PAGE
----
On American Football’s third self-titled LP, the emo veterans establish themselves as the indie-rock norm that most aging acts should aspire to.
Alongside Jawbreaker, American Football was probably the most mythologized band to exist within the emo stratosphere of punk. Mike Kinsella became a mainstay of the scene, but the first American Football LP was such a pivotal record that’s been ripped off, remade, amped up, and redone by any 22 year old who likes twinkling guitars and finds a friend that plays trumpet. That being said, the second American Football LP was fine. It was a little more lyrically driven than it’s collegiate predecessor, but it mostly felt like a really good attempt at recapturing the light in the window from the first album.
Now, with a third American Football LP (out March 22, 2019 via Polyvinyl Records), the godfathers of modern emo deliver an album as good as their second with lots of guests that do bring more to the table than their last album.
Stream: ‘American Football’ – American Football
What’s most noticeable about LP3 is the obvious step up in production. This is the most polished American Football have ever sounded. Nothing on this record feels stilted or added in post-production. The songs have always been light, but here the record sounds much dreamier than in the past. Mike Kinsella’s voice sounds more like part of the instrumentation than on their debut.
While beautifully produced, American Football do mainly create more of the similar songs as they had on their earlier LPs. The album consists of the sparkling, intricate, soft guitar you’d expect from this sort of LP. Drummer Steve Lamos and bassist Nate Kinsella are tight without standing out, but Kinsella’s glockenspiel playing gets accentuated a lot, and he ends up being the highlights on a lot of songs.
The other players that stand out are the female guest vocalists: Land of Talk’s Elizabeth Powell, Slowdive’s Rachel Goswell, and Paramore’s Hayley Williams. They all provide support to Mike Kinsella’s vocal texturing and add a fresher voice to what would have been a good, but rehashed record.
The album’s strength and weakness is how it’s more of the same. Songs like “Doom in Full Bloom” and “Life Support” are gorgeous, but there’s so little that separate them. This works as a full-length record, but the songs don’t really stand on their own.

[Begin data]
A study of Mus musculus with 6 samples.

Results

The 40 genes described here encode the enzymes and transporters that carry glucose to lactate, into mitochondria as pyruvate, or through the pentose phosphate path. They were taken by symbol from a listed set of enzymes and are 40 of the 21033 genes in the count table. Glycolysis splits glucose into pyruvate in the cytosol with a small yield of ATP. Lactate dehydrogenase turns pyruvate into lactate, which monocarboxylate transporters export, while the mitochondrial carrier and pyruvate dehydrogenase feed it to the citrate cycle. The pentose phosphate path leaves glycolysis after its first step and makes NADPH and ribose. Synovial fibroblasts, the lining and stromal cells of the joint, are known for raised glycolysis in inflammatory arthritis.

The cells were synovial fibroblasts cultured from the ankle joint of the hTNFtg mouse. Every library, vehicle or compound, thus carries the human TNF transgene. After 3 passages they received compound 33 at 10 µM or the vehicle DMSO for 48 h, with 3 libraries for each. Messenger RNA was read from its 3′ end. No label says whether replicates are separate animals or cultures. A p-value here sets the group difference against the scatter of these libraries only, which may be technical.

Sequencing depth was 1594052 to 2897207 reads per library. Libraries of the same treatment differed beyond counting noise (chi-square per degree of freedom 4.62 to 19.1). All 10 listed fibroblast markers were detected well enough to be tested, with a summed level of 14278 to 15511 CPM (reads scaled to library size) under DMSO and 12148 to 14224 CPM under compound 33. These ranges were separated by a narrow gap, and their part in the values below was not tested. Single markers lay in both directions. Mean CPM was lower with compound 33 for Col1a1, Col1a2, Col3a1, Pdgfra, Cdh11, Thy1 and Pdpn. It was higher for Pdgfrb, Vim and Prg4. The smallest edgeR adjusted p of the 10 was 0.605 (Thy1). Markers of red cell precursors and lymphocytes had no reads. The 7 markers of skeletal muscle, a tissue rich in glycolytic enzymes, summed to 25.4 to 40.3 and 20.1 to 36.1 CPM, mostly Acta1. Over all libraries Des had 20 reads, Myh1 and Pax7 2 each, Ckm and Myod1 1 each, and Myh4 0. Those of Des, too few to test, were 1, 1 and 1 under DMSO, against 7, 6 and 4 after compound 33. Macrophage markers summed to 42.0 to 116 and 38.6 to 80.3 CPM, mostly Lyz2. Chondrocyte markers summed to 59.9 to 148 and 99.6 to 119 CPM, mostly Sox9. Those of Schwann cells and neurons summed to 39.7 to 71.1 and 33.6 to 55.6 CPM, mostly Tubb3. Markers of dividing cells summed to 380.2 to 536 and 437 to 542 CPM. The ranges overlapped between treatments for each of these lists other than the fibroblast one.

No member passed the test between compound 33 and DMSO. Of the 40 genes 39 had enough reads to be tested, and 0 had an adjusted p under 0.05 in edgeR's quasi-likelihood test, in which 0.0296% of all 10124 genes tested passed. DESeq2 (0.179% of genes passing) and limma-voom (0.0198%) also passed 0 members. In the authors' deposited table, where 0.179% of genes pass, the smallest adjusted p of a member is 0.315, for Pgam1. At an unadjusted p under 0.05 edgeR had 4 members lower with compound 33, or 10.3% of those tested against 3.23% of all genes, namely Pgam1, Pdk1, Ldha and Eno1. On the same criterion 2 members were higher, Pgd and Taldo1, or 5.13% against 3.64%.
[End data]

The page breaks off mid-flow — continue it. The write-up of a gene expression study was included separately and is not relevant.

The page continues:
The lone exception is the pop-savvy “Uncomfortably Numb.” It has lyrics and phrases to latch onto, like the post-Blue Album like, “I blamed my father in my youth/Now, as a father, I blame the booze.” Hayley Williams is also a welcome change; the acclaimed Paramore vocalist is more emotive than Kinsella, providing a wider array of feelings in her intonations. “Uncomfortably Numb” also leads into the most lyrically interesting song, “Heir Apparent,” a track that further expresses some of Kinsella’s anxieties about fatherhood.
What’s most noteworthy about LP3 is how well it serves as a testament to how far the band’s legacy has come. Had American Football continued as a regular band past their 1999 debut, would they have been able to make an album that features one of the most famous rock vocalists in the world today? Probably not – and they probably wouldn’t want to, either. It’s also doubtful that Mike Kinsella would have written an introspective album about fatherhood that fans who grew up with the band would enjoy, but LP3 is peppered with enough cameos that fans who came of age in a My Chemical Romance era of emo can fawn over.
There’s not really any more mythologizing like what followed American Football’s first album, but seeing as a new Jawbreaker record is imminent, The Misfits have reunited, and Have Heart is about to play reunion shows, mythologies are made to be disproved.
American Football are just a pretty damn good indie rock band.